Wimbledon 2019 is about to head into the semifinals, which will see players like Romania’s Simona Halep, Ukraine’s Elina Svitolina, and of course, the U.S.’s own Serena Williams work their way towards the championship. But more than a century ago, tennis’s most prestigious tournament at Wimbledon was in its infancy and it was a male-dominated sport.
The very first Wimbledon tournament was held on July 9, 1877, in an outer suburb of London. It was hosted by the All England Croquet and Lawn Tennis Club, which initially was founded in 1868 to promote croquet. But the game of tennis was rapidly gaining popularity and nine years later, the club posted an announcement in a local sporting magazine that called for tennis amateurs to come together for a meeting.
The All English Club decided that the court should be 78-feet long by 27-feet wide and established the tennis method of scoring based on a clock face. The first player to win six games was to win a set and each server was allowed one fault. Club member Dr. Henry Jones is credited with establishing most of the rules, which are still in place today.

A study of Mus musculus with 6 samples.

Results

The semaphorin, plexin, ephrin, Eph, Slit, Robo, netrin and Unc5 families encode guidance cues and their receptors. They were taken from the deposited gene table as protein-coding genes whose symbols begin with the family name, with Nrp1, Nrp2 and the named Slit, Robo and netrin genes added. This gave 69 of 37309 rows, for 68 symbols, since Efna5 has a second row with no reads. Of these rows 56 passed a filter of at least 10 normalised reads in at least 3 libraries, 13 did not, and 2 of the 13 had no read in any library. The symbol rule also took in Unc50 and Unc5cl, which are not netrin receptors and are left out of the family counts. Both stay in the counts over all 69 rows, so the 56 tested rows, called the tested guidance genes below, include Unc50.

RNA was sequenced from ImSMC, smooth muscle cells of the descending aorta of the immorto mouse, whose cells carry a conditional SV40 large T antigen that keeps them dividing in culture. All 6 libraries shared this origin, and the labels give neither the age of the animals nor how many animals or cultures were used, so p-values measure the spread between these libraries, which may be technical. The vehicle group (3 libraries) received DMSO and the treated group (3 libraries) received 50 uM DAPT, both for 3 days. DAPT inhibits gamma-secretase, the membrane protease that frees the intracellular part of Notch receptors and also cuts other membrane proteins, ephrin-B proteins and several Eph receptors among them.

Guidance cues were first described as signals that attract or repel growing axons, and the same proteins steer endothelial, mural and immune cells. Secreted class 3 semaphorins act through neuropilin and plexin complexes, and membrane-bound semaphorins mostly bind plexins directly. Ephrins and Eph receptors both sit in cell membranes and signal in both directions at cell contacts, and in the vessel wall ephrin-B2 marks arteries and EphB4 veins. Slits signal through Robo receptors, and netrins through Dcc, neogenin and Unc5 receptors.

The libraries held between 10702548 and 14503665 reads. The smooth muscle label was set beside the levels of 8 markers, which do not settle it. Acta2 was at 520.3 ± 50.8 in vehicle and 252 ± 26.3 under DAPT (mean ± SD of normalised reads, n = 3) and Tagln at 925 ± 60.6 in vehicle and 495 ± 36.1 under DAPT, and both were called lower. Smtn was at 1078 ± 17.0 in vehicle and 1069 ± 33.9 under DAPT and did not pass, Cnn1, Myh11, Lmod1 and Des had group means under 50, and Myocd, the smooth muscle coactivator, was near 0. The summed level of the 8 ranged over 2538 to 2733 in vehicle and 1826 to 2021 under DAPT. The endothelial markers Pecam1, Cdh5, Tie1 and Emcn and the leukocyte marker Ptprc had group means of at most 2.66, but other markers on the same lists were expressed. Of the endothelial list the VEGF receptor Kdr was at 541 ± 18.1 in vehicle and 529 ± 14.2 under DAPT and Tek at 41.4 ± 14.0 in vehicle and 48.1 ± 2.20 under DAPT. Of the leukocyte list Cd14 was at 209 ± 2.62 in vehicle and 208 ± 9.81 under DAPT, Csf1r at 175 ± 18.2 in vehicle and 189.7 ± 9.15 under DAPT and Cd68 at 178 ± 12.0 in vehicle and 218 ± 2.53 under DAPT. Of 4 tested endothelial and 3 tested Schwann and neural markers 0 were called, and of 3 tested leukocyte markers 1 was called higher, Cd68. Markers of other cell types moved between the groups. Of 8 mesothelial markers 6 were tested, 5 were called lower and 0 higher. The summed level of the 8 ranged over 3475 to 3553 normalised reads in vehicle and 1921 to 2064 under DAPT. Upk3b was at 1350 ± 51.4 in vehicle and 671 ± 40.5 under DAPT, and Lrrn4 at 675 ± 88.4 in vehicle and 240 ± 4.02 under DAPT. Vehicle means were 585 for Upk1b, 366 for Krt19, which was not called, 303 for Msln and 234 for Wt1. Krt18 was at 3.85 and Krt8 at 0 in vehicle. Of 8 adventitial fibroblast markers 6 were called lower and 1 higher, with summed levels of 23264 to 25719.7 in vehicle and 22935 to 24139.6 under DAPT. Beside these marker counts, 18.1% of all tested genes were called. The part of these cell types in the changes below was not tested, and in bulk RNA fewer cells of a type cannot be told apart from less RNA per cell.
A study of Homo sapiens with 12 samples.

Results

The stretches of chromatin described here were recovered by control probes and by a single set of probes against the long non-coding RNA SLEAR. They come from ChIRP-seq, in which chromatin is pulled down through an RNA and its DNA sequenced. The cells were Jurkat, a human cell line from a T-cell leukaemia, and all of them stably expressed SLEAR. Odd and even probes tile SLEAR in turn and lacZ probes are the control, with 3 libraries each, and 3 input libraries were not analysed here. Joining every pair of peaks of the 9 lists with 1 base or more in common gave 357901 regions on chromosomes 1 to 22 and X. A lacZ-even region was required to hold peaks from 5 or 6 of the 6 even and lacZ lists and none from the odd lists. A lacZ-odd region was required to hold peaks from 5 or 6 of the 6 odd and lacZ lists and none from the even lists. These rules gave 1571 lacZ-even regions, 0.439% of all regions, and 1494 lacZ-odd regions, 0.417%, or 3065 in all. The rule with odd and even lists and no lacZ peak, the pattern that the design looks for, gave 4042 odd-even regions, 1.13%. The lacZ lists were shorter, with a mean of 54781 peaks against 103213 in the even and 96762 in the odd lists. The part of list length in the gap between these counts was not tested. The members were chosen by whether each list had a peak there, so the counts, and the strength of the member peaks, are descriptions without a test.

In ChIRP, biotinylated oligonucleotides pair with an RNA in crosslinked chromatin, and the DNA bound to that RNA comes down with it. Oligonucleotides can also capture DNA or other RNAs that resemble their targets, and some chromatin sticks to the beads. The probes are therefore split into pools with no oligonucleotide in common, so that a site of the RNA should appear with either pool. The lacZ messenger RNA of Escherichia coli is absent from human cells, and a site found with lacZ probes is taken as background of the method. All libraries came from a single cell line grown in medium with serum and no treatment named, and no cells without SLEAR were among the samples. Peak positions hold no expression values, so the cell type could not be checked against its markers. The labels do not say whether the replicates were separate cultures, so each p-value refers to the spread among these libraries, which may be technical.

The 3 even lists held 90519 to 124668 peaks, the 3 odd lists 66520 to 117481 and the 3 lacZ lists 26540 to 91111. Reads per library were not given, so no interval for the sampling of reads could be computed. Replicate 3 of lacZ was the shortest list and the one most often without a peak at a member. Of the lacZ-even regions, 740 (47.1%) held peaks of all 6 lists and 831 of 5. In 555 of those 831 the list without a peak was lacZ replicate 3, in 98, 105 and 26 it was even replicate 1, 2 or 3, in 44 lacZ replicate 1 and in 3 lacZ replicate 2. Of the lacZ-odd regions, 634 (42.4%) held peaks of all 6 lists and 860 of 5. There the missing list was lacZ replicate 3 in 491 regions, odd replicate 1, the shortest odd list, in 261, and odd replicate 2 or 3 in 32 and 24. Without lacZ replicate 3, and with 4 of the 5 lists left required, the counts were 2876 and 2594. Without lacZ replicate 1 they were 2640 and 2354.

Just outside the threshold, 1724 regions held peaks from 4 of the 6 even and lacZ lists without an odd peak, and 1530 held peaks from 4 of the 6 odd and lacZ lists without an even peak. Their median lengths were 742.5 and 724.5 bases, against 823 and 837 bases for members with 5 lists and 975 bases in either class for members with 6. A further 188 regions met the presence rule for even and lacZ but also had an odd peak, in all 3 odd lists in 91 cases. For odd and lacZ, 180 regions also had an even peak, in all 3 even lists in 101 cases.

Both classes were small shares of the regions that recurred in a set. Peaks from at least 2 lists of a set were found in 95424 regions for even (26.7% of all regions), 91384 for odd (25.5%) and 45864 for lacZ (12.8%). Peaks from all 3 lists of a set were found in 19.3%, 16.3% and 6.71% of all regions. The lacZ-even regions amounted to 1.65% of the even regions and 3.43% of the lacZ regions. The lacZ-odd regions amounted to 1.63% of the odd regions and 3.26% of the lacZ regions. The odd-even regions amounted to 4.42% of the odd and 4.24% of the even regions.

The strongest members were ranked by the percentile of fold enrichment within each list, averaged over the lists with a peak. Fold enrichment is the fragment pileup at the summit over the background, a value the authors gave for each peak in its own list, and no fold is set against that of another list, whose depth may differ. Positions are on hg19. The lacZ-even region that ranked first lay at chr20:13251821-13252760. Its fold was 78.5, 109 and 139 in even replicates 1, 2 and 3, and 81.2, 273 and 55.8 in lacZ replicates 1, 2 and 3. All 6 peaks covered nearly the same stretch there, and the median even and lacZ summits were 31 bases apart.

Twenty-one men registered and showed up for the first day of the tournament on July 9th. Eleven men made it to the next rounds the following day, and then three made it to the semifinals. Finally, on July 19th, 200 spectators showed up to watch William Marshall of Cambridge go up against W. Spencer Gore. Just 48 minutes into that championship round, 27-year-old W. Spencer Gore was announced the first winner of the Wimbledon tournament.
Women weren’t invited into the tournament until seven years later in 1884 when Maud Watson became the first female champion. It was also the same year the men’s doubles were incorporated into the tournament. What was initially meant to be an amateur tournament turned professional by 1968, at which point the Wimbledon Championships became the world’s top tennis tournament.